Art deco jewelry regains popularity
During the art deco period (1920s-1930s), flapper daughters of affluent fathers bought $2,000 diamond headache bands at Tiffany's. Movie stars dazzled fans with the splendor of art deco crystal and platinum pendants and Moorish-styled, pave-set diamond earrings. And the fashion-conscious emulated "the stars" and wore copies of their jewelry, or, if they could afford it, "the real thing."
Today, there is revitalized interest in art deco jewelry. Examples of it are eagerly being collected and worn, especially by young people. They feel that the concise, well-defined lines of this jewelry (inspired, in part, by the spirit of liberation after World War I, cubism, and the art of Egypt, Africa, and the Orient) are highly compatible with the elan of modern living.
This resurgence of interest in valuable and lesser pieces of art deco jewelry is partly due, according to Henry Polissack, an established Amherst, Mass., antique and collectibles jewelry dealers, to its "wearability" with current fashions. He says, "It was concieved as jewelry of the future, reflective of the progress of the 20th century."
Mr. Polissack has deeply researched art deco jewelry, and recently told me, "Another reason for the increasing demand and intense popularity of art deco jewelry is that it represents some of the finest designs and craftsmanship in American and European jewelry. Young people really appreciate its styling and workmanship. Fine pieces of it -- those designed by such as Cartier, Van Cleef and Arpels, Lacloche, and Tiffany -- often included rubies, diamonds, sapphires, platinum, and gold. They were expensive when made for the wealthy and, as may be expected, now are costly to collect."
As a dealer, Mr. Polissack keeps in constant touch with the activity at eminent auction houses and galleries. "The price of art deco jewelry has risen dramatically over the past several years," he says. "Doubtless, it will continue to escalate as art deco jewelry becomes less available in future years. However, good pieces of it are still highly worthy of investment."
Because the hunt for premium pieces of art deco jewelry is so widespread, Mr. Polissack has daily telephone calls at his Amherst stop (Henry Polissack Antique Jewelry) from collectors throughout the US and Europe.
In the February 1981 issue of their newsletter to antique dealers and collectors, Ralph and Terry kovel reported that art deco jewelry was a 1980 best seller collectible in both New York and Canada.
Art deco, which describes the forms taken by sculpture, architecture, and art as well as jewelry during the 1920s and 1930s, derives from the Exposition Internationale des Arts Decoratifs et Industriels Modernes held in Paris in 1925 . It made abundant use of natural and man-made materials and was spawned by the rebellion of designers who felt stifled by lavish Victorian embellishments and art nouveau free-flowing flamboyance. They rejected languid ladies with streaming tresses, writhing snakes and preening peacocks for Egyptian motifs and favored geometric harmony, straight lines, and angles intersected by circles and curves. And they daringly combined bright colors (apple green with red) and such bold innovative combinations as platinum and onyx set with baguette-cut diamonds.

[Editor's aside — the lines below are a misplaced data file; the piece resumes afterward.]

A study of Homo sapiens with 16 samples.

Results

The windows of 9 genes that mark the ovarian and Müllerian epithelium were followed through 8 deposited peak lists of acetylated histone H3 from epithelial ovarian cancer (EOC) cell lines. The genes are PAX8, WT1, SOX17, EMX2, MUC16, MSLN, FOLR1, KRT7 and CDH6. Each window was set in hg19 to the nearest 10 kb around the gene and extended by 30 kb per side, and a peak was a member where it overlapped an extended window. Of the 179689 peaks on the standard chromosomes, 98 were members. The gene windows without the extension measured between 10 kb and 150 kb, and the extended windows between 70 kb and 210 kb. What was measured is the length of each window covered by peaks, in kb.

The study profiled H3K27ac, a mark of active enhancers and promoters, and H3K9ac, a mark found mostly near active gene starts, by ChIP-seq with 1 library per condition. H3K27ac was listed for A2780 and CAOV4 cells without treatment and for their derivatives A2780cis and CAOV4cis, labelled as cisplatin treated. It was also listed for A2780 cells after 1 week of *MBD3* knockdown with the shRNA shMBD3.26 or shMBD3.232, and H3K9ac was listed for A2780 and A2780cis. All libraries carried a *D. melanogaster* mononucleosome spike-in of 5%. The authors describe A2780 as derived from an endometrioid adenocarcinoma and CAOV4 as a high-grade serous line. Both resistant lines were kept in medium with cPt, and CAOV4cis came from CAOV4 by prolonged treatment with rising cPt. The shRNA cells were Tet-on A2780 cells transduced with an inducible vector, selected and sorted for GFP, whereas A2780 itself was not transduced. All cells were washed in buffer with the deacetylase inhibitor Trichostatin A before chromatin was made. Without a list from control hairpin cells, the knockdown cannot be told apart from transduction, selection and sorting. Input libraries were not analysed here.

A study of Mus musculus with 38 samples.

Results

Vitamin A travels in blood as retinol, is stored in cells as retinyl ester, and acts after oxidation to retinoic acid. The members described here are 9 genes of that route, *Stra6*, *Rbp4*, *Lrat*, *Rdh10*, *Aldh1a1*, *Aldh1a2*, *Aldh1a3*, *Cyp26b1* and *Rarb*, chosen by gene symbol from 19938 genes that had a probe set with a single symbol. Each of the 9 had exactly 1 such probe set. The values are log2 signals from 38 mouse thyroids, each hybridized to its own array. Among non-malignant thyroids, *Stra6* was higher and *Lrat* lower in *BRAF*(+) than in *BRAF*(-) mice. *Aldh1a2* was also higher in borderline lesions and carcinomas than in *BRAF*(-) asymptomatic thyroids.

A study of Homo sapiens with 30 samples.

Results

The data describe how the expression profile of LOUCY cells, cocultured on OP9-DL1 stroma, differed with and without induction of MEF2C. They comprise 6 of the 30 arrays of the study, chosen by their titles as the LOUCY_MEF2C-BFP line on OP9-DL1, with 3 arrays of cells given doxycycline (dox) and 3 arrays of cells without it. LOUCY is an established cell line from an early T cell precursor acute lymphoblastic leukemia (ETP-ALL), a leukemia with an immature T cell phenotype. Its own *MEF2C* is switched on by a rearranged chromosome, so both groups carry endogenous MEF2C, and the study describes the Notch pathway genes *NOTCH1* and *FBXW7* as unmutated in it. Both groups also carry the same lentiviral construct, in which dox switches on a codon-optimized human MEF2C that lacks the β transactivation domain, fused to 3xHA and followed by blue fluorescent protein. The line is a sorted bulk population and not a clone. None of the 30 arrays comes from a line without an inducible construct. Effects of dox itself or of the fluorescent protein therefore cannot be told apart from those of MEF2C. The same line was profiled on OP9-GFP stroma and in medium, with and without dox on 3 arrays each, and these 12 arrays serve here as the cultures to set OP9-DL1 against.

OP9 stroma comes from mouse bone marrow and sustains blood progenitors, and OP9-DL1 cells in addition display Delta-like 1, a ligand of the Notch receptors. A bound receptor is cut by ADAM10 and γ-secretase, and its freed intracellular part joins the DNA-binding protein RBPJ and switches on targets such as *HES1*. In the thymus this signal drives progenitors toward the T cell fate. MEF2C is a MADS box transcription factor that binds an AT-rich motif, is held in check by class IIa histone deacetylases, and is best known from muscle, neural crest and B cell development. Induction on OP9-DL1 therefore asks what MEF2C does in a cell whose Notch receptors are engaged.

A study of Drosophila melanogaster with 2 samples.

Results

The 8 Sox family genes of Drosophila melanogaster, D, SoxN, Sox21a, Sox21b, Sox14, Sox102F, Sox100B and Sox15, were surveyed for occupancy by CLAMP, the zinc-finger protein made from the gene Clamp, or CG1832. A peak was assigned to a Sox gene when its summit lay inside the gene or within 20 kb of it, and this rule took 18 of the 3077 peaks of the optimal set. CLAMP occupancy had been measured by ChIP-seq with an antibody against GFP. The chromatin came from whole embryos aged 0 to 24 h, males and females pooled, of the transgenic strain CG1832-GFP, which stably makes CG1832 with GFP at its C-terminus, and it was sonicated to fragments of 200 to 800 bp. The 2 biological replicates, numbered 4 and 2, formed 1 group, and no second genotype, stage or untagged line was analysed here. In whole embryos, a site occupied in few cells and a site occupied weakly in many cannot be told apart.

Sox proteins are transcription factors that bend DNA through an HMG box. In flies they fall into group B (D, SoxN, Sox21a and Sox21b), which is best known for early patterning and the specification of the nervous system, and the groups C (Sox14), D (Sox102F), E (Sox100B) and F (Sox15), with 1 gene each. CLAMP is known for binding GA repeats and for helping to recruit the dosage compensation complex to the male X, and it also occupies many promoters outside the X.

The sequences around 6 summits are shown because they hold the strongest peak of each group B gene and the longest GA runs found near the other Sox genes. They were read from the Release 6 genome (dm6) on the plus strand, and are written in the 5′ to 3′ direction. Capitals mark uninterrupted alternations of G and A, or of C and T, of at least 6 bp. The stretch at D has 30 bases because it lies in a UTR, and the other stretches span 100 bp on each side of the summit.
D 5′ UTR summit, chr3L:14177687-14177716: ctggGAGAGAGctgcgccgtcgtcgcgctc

Among designers of this jewelry, the French were the creme de la creme and included Jean Despres, Rene Lalique, Georges Fougeut, and Raymond Templier. Lalique delighted his patrons with transparent colored- glass pendants to hang on silk cords; Templier enjoyed using silver with enamels. And scores of other designers of talent captured the spirit of the Jazz Age, Scott Fitzgerald's stories of the 1920s, and the mechanization of the 20th century in everything from precious metals and gemstones to durable plastics, fake pearls, and rhinestones. Little watches with diamond bracelets, strings of pearls, double clips worn as brooches, dress buckles, long drop earrings, and huge cocktail rings featuring single stones became hallmarks of those years.
Couturiere Coco Chanel saw the advantage of accenting her creations with art deco costume jewelry, and introduced it to her chic clientele. And in the 1930s , heavily carved plastic and ivory bracelets were seen everywhere worn over the era's ubiquitous white gloves.
Testifying to the continued wearability of art deco jewelry are the chunky chokers of bright beads, the fake tinted pearls, and the molded plastic bangle bracelets now being reproduced and featured in prestigious department stores and boutiques. Seen, too, are pieces of art deco-styled jewelry reflecting Egyptian designs inspired by jewels found in King Tutankhamen's tomb in 1922 and recently exhibited at the Metropolitan Museum of Art in New York City.
Art deco jewelry of the 1920s and 1930s can be found at antique shows, auctions, and shops, and estate sales. The aware buyer, however, may find inexpensive pieces of it (mass-produced plastic bracelets, glass beads, belt buckles, earrings, and so on) at flea markets. Before buying costly pieces it is wise to read about the art deco period and its designs, to visit museums where art deco jewelry is exhibited, or to attend antique shows for up-close inspections. At an antique show a reliable and informed antique and collectible jewelry dealer can serve as an excellent guide in buying art deco jewelry by pointing out its best characteristics and suggesting fine examples of it for acquisition. And, as with most antiques, it is prudent to invest in the best quality art deco jewelry that one can afford.